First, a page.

Weekly Surveillance Testing cancelled for Nov. 4


A box of BinaxNOW tests that is available in the nurse.

Due to a shortage in rapid test supplies, Surveillance Testing at Decatur High School will temporarily be cancelled starting November 4th. Whether testing will resume on November 11 depends on if a sufficient amount of supplies is available again by then.


DHS students who opted into this weekly COVID-19 testing have been receiving tests weekly since October 21st, with no cancellations prior to Nov. 4. Every Thursday, a random portion of the signed-up students is selected, and they are sent to the Performing Arts Center to get tested at various time blocks throughout the day.


The CSD school board started the Surveillance Testing process to receive important data about contact tracing, as well as to help give the community increased security in their safety. The test in use is the BinaxNOW COVID-19 Antigen Test.


In order for a student to participate in testing once it returns if they aren’t signed up yet, they must have a parent or guardian opt them in.

 Students can request a test in the nurse if they are afraid they were exposed to COVID or are displaying symptoms.

Assistant Principal Wesley Hatfield spoke about the process students go through to get tested: “We have a schedule. Students are given passes… [they] find the test with their label and they get the test [of] swabbing their nose”. 


They then blow their nose, put their mask back on and sanitize their hands before returning to their class, he explained.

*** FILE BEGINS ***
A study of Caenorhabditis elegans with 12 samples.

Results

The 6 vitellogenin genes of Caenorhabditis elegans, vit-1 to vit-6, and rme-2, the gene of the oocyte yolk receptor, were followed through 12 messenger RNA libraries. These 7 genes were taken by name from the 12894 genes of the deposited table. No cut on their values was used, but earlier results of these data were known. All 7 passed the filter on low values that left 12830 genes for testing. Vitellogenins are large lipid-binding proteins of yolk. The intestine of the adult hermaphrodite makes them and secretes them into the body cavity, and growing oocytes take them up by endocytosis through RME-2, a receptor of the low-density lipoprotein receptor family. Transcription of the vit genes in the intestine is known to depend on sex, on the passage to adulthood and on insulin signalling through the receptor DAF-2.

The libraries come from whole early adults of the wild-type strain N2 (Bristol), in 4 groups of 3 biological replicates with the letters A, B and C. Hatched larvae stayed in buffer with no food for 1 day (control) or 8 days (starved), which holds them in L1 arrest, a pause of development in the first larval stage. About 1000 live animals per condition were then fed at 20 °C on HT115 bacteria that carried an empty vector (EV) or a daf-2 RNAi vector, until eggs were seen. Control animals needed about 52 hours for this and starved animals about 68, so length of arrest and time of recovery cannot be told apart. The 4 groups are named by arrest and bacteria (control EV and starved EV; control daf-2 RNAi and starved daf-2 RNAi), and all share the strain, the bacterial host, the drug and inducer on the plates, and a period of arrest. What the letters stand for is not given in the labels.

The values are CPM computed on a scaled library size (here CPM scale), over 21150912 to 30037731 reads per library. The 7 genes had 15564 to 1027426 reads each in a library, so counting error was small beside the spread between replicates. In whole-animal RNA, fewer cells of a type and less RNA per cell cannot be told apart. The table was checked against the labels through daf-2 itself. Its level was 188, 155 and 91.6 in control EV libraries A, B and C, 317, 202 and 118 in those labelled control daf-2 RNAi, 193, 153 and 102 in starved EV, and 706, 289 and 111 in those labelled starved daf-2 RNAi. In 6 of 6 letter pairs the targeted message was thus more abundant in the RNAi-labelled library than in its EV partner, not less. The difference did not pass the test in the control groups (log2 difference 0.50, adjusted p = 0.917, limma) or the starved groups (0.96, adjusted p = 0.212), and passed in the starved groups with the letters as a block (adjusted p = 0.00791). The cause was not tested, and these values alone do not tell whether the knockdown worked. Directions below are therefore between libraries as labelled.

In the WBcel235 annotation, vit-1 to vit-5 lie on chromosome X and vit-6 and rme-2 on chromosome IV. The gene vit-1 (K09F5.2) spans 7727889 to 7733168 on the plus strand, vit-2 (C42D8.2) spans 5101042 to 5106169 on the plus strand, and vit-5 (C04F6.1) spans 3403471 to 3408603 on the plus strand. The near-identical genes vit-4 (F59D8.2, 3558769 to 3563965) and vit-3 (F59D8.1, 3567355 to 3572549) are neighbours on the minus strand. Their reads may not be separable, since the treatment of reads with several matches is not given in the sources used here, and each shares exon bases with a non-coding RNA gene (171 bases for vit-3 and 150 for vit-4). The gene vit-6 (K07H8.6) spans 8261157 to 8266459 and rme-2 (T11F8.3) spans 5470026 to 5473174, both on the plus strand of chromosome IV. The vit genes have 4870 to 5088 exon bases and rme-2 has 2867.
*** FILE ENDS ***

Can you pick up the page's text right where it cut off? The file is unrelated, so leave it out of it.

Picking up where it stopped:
According to the Department of Health guidelines, whether vaccinated or not, if a student tests positive the first step will be to pull them out of class, isolate them, and give them a PCR test.


If a student tests positive on a rapid test but negative on a PCR test and is asymptomatic, then they don’t need to be isolated. If they test positive on a rapid but negative on a PCR and are symptomatic, they have to be isolated. If they test positive on both rapid and PCR, the student will quarantine as well. 


Younger students in the district, as well as CSD staff, are also able to participate in the same testing process.


Hatfield realizes students may be under stress due to being in large groups of vaccinated and un-vaccinated students. “You know, we have people with different family situations,” he said, “I think there’s a huge mental health benefit for students who have opted in and a huge mental health benefit to their families.”


Not only does the testing help give students and families a peace of mind- it will also provide information and warning if the school goes through a surge.  “It helps us as a school know in general, among this population of students being tested, what is our rate […] and if we should be thinking about much higher levels of mitigation measures because a high percentage of kids has tested positive,” Hatfield explained.